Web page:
IRS Gives Up Effort to Regulate Tax Preparers

It looks like the Internal Revenue Service is throwing in the towel in its fight to regulate tax preparers. This is good news or not-so-good news, depending on where you stand.

This fight began in 2010, when the IRS announced that it was beefing up standards for tax preparers, and instituting testing and continuing education requirements. The result was the Registered Tax Return Preparer program.

Tax preparers balked at the new requirements, and took the IRS to court. Their argument – in the case of Loving v. Internal Revenue Service — was that the feds were exceeding their authority by instituting these new requirements.

Specifically, attorneys representing U.S. tax preparers argued that, since tax-return preparers were not in the practice of representing tax payers before the Department of Treasury, the IRS did not have the authority to regulate paid tax-return preparers.

In January of last year, a U.S. District Court Judge agreed with the preparers. An Appeals Court then upheld his ruling. Last week, the IRS decided not to file a petition seeking review from the U.S. Supreme Court. Case closed.

So, tax preparers are now free from these new federal requirements to be licensed, and to undergo regular training. Is this a good thing for consumers? Yes and no.

Some consumer advocates argue that the IRS program would have protected consumers by putting in place a 50-state requirement for specific training, and some additional regulatory oversight. Many tax preparers argue that there are already rules in place governing the conduct of both licensed, (CPAs, Enrolled Agents of the IRS and attorneys) as well as unlicensed tax preparers.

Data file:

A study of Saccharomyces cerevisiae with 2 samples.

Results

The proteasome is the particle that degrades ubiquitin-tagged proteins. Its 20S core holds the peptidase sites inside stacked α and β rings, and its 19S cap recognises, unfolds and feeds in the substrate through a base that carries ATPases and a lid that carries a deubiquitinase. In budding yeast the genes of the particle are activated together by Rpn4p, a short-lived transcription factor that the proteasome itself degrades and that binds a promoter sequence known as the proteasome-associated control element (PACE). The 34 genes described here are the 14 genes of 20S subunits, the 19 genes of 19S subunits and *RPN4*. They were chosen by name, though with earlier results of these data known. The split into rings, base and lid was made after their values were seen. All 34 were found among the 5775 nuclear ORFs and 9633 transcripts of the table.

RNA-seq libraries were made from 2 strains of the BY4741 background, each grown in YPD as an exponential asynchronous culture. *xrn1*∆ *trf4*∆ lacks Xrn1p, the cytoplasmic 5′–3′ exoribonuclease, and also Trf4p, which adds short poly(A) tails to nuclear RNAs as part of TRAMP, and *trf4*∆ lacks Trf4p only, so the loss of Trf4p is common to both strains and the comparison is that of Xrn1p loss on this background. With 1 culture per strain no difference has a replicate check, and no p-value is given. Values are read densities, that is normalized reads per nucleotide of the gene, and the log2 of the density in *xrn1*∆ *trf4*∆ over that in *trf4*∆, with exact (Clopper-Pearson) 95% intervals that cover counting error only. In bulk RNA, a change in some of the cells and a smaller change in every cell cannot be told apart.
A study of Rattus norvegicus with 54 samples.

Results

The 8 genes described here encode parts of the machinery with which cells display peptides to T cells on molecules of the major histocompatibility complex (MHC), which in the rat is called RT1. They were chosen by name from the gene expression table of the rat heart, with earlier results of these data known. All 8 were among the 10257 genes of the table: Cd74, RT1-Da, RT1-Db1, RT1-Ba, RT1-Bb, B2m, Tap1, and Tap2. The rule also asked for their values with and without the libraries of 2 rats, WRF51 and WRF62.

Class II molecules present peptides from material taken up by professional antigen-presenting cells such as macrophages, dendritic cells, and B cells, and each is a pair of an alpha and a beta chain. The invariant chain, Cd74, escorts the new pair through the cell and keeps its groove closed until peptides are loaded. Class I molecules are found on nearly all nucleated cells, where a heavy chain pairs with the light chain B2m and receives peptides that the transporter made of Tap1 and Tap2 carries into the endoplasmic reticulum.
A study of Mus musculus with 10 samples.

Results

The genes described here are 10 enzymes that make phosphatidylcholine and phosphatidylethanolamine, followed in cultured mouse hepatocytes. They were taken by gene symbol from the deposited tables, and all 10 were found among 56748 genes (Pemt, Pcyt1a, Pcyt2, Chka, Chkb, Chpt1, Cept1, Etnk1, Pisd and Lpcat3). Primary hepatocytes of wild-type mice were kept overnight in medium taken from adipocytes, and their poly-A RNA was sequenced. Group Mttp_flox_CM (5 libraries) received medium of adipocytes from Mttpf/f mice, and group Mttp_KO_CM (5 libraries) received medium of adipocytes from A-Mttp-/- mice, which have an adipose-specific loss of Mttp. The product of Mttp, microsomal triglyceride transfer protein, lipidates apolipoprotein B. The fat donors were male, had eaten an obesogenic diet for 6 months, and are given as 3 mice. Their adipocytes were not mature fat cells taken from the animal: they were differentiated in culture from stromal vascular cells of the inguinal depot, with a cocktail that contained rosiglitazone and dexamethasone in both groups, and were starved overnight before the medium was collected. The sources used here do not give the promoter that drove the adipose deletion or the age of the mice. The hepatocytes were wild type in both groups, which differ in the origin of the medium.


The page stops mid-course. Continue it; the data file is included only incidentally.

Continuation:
Besides, they argue, this sort of thing should be left up to the states. Indeed, some states – most notably Oregon and California — have rules in place requiring testing and education, while others (New York) are busy putting them in place.

But, would it have killed the tax preparation industry if its preparers had to undergo a whopping 15 hours of training? We think not – though perhaps the states will soon come up with suitable guidelines covering the training of tax preparers.

Hopefully, therefore, there will soon be action by other states to ensure that consumers are getting the competency and accountability they pay for when they hire a tax preparer.